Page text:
No-Brainer, Part 1: The Quick Guide on Marine Animals Who Get by Without Brains
- Published21 Nov 2018
- Reviewed21 Nov 2018
- Author Levi Gadye
- Source BrainFacts/SfN
Most animals rely on their brains to sense threats, find food, and successfully mate. These brains contain anywhere from thousands to billions of neurons, organized into circuits that are responsible for specific functions. Even the fruit fly organizes its 100,000 neurons into a remarkably complex brain, allowing it to home in on your dinner and dodge a swatting newspaper or hand without skipping a beat.
But for millions of years, some of the earliest animals got by with far simpler arrangements of neurons. As single-celled organisms banded together into the first examples of multicellular life, deep in ancient oceans, some cells took on particular responsibilities, like sensing nearby nutrients or orienting toward light. Over time, these rudimentary neurons themselves banded together to form sparse networks, like nerve nets and nerve rings, that coordinated sensation, interpretation, and reaction for individual organisms.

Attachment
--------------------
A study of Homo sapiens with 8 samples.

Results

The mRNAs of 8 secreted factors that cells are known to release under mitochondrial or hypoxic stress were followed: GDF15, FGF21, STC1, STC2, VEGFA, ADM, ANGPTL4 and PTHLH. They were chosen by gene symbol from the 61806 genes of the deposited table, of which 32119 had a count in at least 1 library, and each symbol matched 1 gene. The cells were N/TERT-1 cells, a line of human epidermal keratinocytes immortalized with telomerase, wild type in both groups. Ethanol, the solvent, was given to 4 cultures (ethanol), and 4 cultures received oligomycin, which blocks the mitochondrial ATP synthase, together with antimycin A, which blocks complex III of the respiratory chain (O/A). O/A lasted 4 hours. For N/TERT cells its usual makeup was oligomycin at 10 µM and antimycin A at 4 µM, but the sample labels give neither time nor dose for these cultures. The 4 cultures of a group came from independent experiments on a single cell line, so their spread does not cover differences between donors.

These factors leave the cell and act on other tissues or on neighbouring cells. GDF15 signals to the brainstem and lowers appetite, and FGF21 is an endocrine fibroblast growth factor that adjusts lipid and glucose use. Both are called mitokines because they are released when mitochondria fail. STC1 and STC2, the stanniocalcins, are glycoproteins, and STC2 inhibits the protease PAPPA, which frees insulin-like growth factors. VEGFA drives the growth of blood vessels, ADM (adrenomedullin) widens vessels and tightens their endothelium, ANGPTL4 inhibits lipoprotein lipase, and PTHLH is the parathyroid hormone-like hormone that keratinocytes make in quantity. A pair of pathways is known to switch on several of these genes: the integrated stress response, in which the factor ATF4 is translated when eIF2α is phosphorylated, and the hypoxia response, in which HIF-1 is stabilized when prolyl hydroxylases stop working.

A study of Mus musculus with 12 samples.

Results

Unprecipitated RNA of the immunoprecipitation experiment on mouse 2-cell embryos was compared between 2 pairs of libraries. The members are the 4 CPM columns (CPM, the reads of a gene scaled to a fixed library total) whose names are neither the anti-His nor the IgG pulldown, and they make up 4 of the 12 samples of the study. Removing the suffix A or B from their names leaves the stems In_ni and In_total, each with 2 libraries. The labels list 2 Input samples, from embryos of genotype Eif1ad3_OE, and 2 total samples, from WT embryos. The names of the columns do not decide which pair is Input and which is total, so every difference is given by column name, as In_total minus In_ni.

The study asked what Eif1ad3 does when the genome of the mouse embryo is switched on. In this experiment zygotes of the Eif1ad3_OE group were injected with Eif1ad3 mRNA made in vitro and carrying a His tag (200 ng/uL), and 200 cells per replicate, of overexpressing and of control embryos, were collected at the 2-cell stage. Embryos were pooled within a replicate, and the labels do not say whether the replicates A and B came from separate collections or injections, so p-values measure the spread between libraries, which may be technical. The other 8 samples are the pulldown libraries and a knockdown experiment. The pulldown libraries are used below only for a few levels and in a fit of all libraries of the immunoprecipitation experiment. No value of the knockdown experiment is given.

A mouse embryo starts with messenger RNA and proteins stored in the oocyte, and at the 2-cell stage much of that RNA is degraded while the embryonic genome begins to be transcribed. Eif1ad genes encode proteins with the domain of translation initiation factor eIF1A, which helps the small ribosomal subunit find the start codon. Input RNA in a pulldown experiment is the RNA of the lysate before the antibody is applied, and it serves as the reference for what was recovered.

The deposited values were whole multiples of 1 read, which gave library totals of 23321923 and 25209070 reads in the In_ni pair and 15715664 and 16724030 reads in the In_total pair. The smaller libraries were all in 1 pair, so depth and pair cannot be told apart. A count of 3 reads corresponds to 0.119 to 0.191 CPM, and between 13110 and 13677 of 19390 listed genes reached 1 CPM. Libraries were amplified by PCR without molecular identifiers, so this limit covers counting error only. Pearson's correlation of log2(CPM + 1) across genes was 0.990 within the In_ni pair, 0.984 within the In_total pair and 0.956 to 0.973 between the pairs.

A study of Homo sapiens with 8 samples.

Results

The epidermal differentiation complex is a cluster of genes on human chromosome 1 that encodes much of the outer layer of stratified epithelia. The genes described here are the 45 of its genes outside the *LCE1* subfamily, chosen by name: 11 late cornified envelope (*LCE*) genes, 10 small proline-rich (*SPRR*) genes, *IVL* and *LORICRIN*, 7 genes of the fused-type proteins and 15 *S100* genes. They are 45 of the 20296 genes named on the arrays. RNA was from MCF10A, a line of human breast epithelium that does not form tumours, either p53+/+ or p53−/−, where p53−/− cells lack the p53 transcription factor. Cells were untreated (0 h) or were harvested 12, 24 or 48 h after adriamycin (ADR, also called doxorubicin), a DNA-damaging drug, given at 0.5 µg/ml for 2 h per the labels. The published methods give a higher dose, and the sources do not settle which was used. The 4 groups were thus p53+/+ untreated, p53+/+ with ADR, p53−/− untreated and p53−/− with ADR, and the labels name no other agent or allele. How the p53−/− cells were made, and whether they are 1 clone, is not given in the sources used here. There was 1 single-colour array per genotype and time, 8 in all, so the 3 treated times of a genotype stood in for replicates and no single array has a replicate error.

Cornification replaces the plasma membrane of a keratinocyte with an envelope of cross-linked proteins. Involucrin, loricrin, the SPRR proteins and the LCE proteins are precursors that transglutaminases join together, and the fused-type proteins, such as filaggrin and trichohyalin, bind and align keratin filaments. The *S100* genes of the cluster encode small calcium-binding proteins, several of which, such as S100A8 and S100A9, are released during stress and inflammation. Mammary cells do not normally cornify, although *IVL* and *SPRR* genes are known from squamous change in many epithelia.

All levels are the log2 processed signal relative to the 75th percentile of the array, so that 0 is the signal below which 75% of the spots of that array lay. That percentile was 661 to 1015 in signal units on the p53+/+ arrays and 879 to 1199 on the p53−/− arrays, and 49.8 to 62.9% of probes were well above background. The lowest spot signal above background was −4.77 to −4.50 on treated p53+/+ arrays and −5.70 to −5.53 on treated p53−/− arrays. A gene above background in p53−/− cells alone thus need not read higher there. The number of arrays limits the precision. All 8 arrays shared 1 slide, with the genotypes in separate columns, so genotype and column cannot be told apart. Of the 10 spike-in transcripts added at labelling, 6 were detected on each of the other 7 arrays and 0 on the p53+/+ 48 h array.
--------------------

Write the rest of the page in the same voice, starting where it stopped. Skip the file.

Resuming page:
Today, many of these brainless animals live on in much the same form as they were at the dawn of animal life on earth. Despite lacking brains, they have endured hundreds of millions of years of change in the environment, from heating and cooling in the seas to five mass extinctions. Their nervous systems have proven to be remarkably adaptable despite their simplicity, enabling behaviors, like hunting, that we normally associate with far more complex brains.
Explore these examples of the direct descendants of some of these early animals providing a unique window into a time when being brainless was, well, a no-brainer.